Trad building conference

Boston Common Hotel and Conference Center. (

Boston Common Hotel and Conference Center. (

I’ve just returned to Providence from the Traditional Building Conference, at the Boston Common Hotel and Conference Center, in Boston, which is, alas, being eyed for demo, to be replaced by a 35-story tower – that info, from 2012, is hopefully outdated. I recall attending a TBC in Boston several years ago at the Navy Pier. The venue was larger when the conference was yearly. Now it has morphed into a series, with four every year around the country. Boston was its third this year. The last will be in St. Paul this September. The idea has been to tailor its seminars to more local interests and needs without neglecting the general approach. This makes sense as classical and traditional work grow more popular region by region, state by state, city by city, town by town, village by village, hamlet by hamlet.

I attended and enjoyed most of the seminars but missed the dinner for the winners of the Palladio awards. However, I did manage to find myself in close conversation with several sets of winners, including Diane and Michael Burch, who have done so much to help the Spanish Colonial Revival Revival (double-intended) in California.  Michael Burch Architects won for its Alta Canyada residence, in the category of Adaptive Reuse/Sympathetic Addition. Here is a video the firm created for the Venice Architectural Biennale of 2012 that reflects their thinking about Spanish Colonial, its history and recent prospects. They challenge architecture schools to rethink current and longstanding attitudes toward traditional architecture if they want to remain relevant. That’s the spirit!

The Traditional Building Conference was itself a masterfully crafted work of art, put together largely by Judy Hayward, its education director, and supported by a host of sponsors too numerous to list here (look below). The event sent me packing with a lot of thoughts that I would like to chop into more bite-sized pieces here on the blog. I will comment on presentations by Steve Mouzon, Gary Brewer, Phillip James Dodd and Don Power. I will do that, I expect, over the next couple of days, so please bear with me.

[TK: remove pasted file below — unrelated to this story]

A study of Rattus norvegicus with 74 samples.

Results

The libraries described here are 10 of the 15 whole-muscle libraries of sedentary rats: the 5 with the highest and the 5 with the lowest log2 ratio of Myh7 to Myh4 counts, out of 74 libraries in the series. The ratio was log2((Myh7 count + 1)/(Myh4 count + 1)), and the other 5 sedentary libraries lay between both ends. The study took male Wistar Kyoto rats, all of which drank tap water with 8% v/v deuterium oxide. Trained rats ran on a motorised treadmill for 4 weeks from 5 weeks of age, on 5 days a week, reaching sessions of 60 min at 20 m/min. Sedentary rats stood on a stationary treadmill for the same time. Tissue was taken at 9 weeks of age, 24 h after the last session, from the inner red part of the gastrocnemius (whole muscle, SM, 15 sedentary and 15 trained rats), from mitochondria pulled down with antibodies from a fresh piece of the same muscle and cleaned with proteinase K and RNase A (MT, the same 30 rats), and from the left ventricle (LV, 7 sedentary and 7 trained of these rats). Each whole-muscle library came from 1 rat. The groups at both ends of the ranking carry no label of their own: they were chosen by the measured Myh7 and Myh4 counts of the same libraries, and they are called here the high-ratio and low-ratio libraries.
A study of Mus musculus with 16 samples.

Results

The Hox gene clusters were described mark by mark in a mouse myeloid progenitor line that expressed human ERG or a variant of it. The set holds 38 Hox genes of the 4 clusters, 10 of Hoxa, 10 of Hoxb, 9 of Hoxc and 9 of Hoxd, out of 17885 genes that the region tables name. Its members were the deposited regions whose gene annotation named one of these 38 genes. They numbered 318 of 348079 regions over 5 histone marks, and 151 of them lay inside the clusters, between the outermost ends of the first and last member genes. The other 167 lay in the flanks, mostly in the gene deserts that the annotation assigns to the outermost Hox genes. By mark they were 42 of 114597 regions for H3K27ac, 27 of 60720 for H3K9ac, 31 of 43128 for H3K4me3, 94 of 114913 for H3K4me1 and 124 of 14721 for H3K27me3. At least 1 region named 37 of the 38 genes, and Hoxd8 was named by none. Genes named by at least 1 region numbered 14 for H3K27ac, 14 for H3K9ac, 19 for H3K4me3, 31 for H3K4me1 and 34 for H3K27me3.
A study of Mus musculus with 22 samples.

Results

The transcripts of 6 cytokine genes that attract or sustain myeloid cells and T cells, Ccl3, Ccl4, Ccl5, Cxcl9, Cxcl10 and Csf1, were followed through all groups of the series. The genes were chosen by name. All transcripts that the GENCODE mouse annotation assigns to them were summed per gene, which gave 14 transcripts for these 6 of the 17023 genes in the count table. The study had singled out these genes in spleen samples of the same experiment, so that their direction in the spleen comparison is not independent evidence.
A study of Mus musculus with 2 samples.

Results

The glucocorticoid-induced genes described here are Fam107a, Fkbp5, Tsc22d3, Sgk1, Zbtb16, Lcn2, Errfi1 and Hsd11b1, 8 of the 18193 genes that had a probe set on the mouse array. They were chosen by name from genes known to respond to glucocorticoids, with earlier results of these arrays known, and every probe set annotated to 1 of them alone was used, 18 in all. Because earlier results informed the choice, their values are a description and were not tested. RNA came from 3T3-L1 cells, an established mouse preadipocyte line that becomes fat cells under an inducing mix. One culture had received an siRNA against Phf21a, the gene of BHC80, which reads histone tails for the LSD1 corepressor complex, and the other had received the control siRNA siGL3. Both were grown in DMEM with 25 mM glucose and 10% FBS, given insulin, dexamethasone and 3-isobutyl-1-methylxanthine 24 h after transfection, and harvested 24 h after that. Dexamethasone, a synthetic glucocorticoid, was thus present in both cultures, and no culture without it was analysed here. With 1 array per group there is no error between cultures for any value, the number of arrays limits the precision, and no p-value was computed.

* * *

Here are the sponsors, primarily Home Group, which publishes such journals as Old House Journal and Traditional Building; Marvin Windows and Doors, of Warroad, Minn.; Timberlane shutters, of Montgomeryville, Pa.; Historical Arts & Casting ornamental metalwork, of West Jordan, Utah; Ludowici Roof Tile, of New Lexington, Ohio; Allied Window, of Cincinnati; Crownpoint Cabinetry, of Claremont, N.H.; The Unico System central heating and cooling, of St. Louis; HB&G Building Products, makers of columns, balustrades and other classical detailing, of Troy, Ala.; Connor Homes, makers of mill-built period houses, of Middlebury, Vt.; and John Canning Decorative Painting & Conservation Studios, of Cheshire, Conn. – to list only the gold and silver sponsors, the rest of this long list is available on the conference website.

About David Brussat

This blog was begun in 2009 as a feature of the Providence Journal, where I was on the editorial board and wrote a weekly column of architecture criticism for three decades. Architecture Here and There fights the style wars for classical architecture and against modern architecture, no holds barred. History Press asked me to write and in August 2017 published my first book, "Lost Providence." I am now writing my second book. My freelance writing on architecture and other topics addresses issues of design and culture locally and globally. I am a member of the board of the New England chapter of the Institute of Classical Architecture & Art, which bestowed an Arthur Ross Award on me in 2002. I work from Providence, R.I., where I live with my wife Victoria, my son Billy and our cat Gato. If you would like to employ my writing and editing to improve your work, please email me at my consultancy,, or call 401.351.0457. Testimonial: "Your work is so wonderful - you now enter my mind and write what I would have written." - Nikos Salingaros, mathematician at the University of Texas, architectural theorist and author of many books.

  1. barry says:

    I note the ugly garage behind the hotel. Too bad that wasn’t the structure to be demolished – when it comes to beauty in cities, auto infraatructure is usually a killer.
    Having lived in California, glad to hear about Spanish colonial revival revival, the contrast between traditional and modern there seems far greater there than in New England. (same in Oregon where I also lived a year.) Its a good thing DB doesn’t live in those states, he’d be having a perpetual fit!